The Lawyer Africa Elite 2014 features an in-depth look at 46 leading independent firms’ strategies in 15 key sub-Saharan jurisdictions, as well as the views of in-house counsel from some of Africa’s largest companies... Read more
This year, The Lawyer’s annual ranking of the largest UK law firms by turnover is available as an interactive, digital benchmarking tool. For the first time this will allow you to manipulate each data set against the metrics of your choice.
I began giving pro bono legal advice through Clifford Chance at the Tooting Legal Advice Centre during my LPC year, sitting in with advisers and assisting with follow-up research and drafting tasks.
I very soon got a feel for the extent to which even those who are at an early stage in their legal careers can really help people in need, many of whom want something more akin to common sense advice than “legal advice” per se.
A lot of the clients who wait in line – often in the cold and the rain, this being London after all – come seeking advice on the kinds of matters which affect most people at some stage in their lives: employment issues or disputes with mobile phone companies, broadband providers or deposit-grabbing landlords; the sorts of things which just about every law student and lawyer is asked about by friends, relatives, friends’ relatives and friends of relatives.
While many people are able to deal with these issues on their own, some find that they need help through lack of confidence, language difficulties or a real need for their legal rights to be set out.
Of course, not all of our pro bono clients fall into these relatively straightforward categories. On one occasion I had to negotiate with the UK Border Agency for the return of 7,000 cigarettes, which two well-meaning Poles had attempted to bring for their friends and family while visiting. At another clinic, I had to explain to a particularly entrepreneurial pair that, unlike Al Capone, tax planning probably wasn’t the most pressing legal advice that they needed for their business plan to grow marijuana in their attic.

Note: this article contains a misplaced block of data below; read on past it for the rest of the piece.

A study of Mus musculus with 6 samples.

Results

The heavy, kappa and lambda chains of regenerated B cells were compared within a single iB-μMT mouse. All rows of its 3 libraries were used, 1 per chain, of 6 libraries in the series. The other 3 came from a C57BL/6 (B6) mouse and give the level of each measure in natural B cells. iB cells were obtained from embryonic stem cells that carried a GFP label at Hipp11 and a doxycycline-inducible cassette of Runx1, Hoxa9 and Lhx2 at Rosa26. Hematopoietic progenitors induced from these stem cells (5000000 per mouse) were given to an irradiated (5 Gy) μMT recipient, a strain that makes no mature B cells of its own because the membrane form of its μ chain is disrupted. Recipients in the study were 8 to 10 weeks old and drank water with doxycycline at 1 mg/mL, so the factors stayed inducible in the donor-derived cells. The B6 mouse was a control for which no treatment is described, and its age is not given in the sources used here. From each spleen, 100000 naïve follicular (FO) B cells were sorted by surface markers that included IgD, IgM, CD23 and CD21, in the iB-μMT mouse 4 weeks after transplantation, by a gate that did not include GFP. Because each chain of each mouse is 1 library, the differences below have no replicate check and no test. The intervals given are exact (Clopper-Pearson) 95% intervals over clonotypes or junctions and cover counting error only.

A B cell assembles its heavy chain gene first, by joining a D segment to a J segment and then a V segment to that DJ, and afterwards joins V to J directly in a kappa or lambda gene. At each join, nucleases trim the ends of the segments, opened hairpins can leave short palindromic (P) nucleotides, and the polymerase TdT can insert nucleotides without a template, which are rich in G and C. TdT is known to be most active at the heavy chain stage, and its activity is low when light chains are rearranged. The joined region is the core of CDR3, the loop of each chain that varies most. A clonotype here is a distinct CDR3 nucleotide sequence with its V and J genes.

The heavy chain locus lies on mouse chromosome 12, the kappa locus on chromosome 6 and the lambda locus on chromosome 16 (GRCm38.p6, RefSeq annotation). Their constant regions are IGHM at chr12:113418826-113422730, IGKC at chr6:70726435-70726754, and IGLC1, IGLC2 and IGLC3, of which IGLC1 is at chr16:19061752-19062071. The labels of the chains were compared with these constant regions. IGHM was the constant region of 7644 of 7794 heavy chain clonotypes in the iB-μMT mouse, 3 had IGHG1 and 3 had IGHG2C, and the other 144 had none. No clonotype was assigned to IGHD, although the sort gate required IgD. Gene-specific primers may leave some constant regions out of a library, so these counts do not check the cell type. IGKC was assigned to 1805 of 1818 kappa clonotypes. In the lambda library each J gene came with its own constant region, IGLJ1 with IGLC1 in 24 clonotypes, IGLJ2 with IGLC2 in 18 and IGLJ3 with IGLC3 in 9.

I recently took on the case of a minicab driver who had inadvertently bought a stolen car which, as anyone who has ever studied contract law will attest, he had to return to its rightful owner.
Without a vehicle, the client was unable to work and provide for his family. The dealership dragged their feet over the client’s legitimate request to be reimbursed and it was only when the team at Clifford Chance intervened with the threat of legal action that they came up with over £18,000 to allow him to buy a new car and get back to work.
Ultimately, the pro bono advice we give depends entirely on the individuals who come through the door on any given evening. Some are just looking for someone to vent at while others have had their lives seriously affected by legal issues and have a real need for advice, support and assistance. As long as this is the case, there will be a need for lawyers to volunteer at clinics, drop-in centres and on advice lines and long may a spirit of volunteerism from the legal sector continue.
Jonathon Caunt is a dispute resolution and litigation associate at Clifford Chance.